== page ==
Mount Eerie’s Great Hall concert was painfully intimate

In his solo performance, Phil Elverum showed that both songwriting and grieving are an ongoing process

MOUNT EERIE at the Great Hall, Wednesday, September 20. Rating: NNNN

Walking into the Great Hall on Wednesday night, it was startling to see Phil Elverum there, in person, at the merch table. Like many people who probably didn’t know how to react or what to say, I thanked him for being there.

Earlier this year Elverum, who records as Mount Eerie, released A Crow Looked At Me, a devastatingly personal and raw account of his life immediately after the death of his wife, Quebec-born artist and musician Geneviève Castrée Elverum, from cancer.

At the time he called the collection “hardly music,” as it was an outpouring of stuff he needed to say to her, but the album – created in the Anacortes, Washington home where the couple lived with their infant daughter – is painfully intimate. You feel a bit like a fly on the wall or the dust in the room as Elverum sings his songs. But you settle into the experience of being there in grief with him, of being in his head.

If A Crow Looked At Me was an unprecedented invitation into the home of a previously guarded songwriter, the ensuing tour is almost a reversal of that process. Elverum is on the road with his daughter, carrying these “death songs” around and sharing them with fans, while also being necessarily protective and guarded.

Elverum opened with a long song that felt a part of the album, though not on it, then played through many of the songs from the album – Real Death, Forest Fire, Ravens, Seaweed, Soria Moria, Crow – with just his voice and a classical guitar. Though the record sometimes features piano, percussion and a drum machine, these were not missed. For these songs instrumentation almost doesn’t matter. It’s just pure thought, feeling, memory and idea.

Mid set, Elverum checked in with the standing crowd to see if they were comfortable. “Do you need a talking break,” he asked, “or a moving around break?” And it was then I noticed that our emotional discomfort was registering as physical restlessness. As dumb as it sounds to say, just being there was hard work. “I’m standing too,” he said, “out of solidarity.”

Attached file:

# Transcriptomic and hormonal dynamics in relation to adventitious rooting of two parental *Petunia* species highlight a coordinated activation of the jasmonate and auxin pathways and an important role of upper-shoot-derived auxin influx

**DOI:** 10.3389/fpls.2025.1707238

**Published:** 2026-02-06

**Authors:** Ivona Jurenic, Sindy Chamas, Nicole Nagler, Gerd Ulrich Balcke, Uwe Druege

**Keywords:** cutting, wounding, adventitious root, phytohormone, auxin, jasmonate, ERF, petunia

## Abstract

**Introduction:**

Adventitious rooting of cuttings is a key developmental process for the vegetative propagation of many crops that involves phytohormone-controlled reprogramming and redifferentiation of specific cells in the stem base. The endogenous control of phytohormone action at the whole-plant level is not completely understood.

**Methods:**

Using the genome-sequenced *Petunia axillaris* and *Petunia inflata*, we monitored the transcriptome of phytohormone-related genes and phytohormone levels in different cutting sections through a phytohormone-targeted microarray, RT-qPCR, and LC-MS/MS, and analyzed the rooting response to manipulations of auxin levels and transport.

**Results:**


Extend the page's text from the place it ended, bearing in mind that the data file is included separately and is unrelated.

Elverum dedicated the tail end of his set to a handful of newer songs written after the album, songs that could easily encompass A Crow Looked At Me, Part Two if he chooses to make such a thing. He sang about how characters in paintings by Nicolai Fechin remind him of his grieving self and of Geneviève fantasizing about dying in a plane wreck (before realizing that he must go on living) talking about songwriting with Father John Misty and Weyes Blood at a desert music fest and then jumping on a bed together finding remnants of Geneviève’s bones in their garden and revisiting the island where her ashes were also scattered.

Clearly Elverum is still grieving, and his songwriting and recording and touring have been swept up in it. A number of times he stepped away from the mic and wiped away tears. I wanted to hug him.

But the unsettling part of the show was: where does his adoring, emotional audience fit into all of it? On the one hand, being there and buying his merch may be the best way a fan can support the now single dad but on the other, it points to the complicated relationship between deeply personal struggles and commerce, the merchandise we are left with after the fact.

Elverum politely but persistently asked that his guitar be turned up, and then his vocal mic, “all of me,” he said. He then sort of joked/admitted, “I’m trying to drown you out,” (despite the hushed focus of the crowd, you could hear everything, every distracting little movement and the sound of the dishes in the back). “I sing for you,” he repeated throughout his last song.

Although he was out in public, Elverum seemed to be trying to talk himself into silence and stillness and commune directly with Geneviève.